Indira Varma’s memoir ‘Lest We Forget’ was launched on Thursday at the India International Centre (ICC) here, in the presence of India’s G20 Sherpa Amitabh Kant.
Among the dignitaries present on the occasion included writers, Pavan Kumar Varma and Kishwar Desai, besides Indira’s sister Roopy Mathur.
‘Lest We Forget — How three sisters braved the Partition’ is an exceptional memoir that captivates readers with its powerful message of courage, compassion and conviction. Through meticulous attention to detail and a focus on the everyday lives of those affected, Indira Varma brings forth the immense suffering and bravery that characterised the Partition era.
It sheds light on the human experiences behind the partition of India.’
Speaking on the occasion, Indira said, “I cannot sum up my life in 10 minutes, I will be 83 in the next five days. I feel I have lived many lives in these eight decades, Migration, disorientation, deaths of my family before they died physically.”
“Therefore, this book……Please read it, I assure you will cry and laugh together,” she said.
Recalling the partition, Indira got nostalgic and said, “When I differentiate death in life you might question what it means. It means the life of my family vanished, we lost our life in Peshawar that we lived in. We lost a culture we lost a tradition we lost a food.”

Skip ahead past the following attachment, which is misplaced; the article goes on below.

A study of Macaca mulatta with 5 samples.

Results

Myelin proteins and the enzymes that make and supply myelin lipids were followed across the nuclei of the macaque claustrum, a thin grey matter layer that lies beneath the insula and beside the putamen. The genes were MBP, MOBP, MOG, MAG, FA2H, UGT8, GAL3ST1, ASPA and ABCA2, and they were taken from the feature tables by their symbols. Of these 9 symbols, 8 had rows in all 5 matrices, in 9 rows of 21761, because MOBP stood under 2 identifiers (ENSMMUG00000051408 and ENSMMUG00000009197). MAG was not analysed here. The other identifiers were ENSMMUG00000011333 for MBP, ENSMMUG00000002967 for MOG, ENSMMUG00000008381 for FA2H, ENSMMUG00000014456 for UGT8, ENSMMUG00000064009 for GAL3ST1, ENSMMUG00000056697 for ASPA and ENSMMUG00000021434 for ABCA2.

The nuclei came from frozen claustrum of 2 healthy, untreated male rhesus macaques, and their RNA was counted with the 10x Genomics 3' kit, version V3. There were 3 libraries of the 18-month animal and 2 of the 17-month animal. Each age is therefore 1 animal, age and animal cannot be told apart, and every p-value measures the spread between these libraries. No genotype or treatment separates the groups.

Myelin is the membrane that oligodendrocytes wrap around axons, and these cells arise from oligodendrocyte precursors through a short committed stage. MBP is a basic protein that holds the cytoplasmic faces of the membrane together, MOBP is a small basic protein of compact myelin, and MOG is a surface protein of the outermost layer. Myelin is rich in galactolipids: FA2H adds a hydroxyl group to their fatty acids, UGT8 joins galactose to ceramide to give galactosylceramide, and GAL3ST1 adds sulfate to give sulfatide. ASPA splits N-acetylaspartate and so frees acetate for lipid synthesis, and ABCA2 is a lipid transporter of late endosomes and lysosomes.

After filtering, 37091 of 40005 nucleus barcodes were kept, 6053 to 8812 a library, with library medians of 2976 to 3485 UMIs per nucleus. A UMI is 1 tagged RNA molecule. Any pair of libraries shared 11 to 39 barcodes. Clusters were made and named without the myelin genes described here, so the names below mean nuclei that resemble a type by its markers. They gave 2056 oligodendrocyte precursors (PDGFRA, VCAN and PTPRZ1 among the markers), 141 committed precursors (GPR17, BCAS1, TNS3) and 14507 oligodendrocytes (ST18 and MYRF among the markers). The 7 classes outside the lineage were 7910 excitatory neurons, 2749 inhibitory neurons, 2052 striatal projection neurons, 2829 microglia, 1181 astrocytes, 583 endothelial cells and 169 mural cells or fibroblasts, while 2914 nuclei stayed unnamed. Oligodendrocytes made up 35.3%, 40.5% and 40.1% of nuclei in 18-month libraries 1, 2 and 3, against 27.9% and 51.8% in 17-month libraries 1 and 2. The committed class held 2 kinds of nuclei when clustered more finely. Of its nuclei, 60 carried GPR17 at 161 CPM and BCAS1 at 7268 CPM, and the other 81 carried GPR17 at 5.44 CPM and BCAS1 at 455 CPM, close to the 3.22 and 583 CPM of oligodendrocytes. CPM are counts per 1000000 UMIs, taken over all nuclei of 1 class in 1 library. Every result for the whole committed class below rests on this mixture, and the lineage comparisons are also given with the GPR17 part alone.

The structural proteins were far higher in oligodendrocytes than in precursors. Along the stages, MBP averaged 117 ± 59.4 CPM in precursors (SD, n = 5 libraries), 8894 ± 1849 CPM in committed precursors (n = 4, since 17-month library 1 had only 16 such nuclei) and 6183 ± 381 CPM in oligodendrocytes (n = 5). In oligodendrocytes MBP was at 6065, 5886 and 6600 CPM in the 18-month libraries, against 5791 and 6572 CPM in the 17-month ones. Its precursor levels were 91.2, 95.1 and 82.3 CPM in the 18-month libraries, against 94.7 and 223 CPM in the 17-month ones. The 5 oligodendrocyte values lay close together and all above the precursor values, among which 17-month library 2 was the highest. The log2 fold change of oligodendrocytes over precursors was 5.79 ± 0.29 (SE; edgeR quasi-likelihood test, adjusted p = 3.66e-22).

“We came to be known as refugees…..Even our high casts and names of pride meant nothing at all,” she added.
Kant, recalling his association with Indira, said, “I have known Indira since long. I have known her, she is always dreaming with ideas. For a woman like Indira Varma, giving up has been never an option.”
“Her remarkable talents. Its evident that creativity flows in the Varma family. I would really encourage to read this book which narrates the history of partition,” he said.
Pavan said, “This is the story of how people faced adversities (of partition )and how they conquered tragedies. It is a human story. If you read the book you will know how three sisters faced adverse circumstances and what they had gone through. Its is that trauma . We must remember the pains of partition.”
Kishwar said, “This book is so special. It makes immense contribution for documenting the partition.”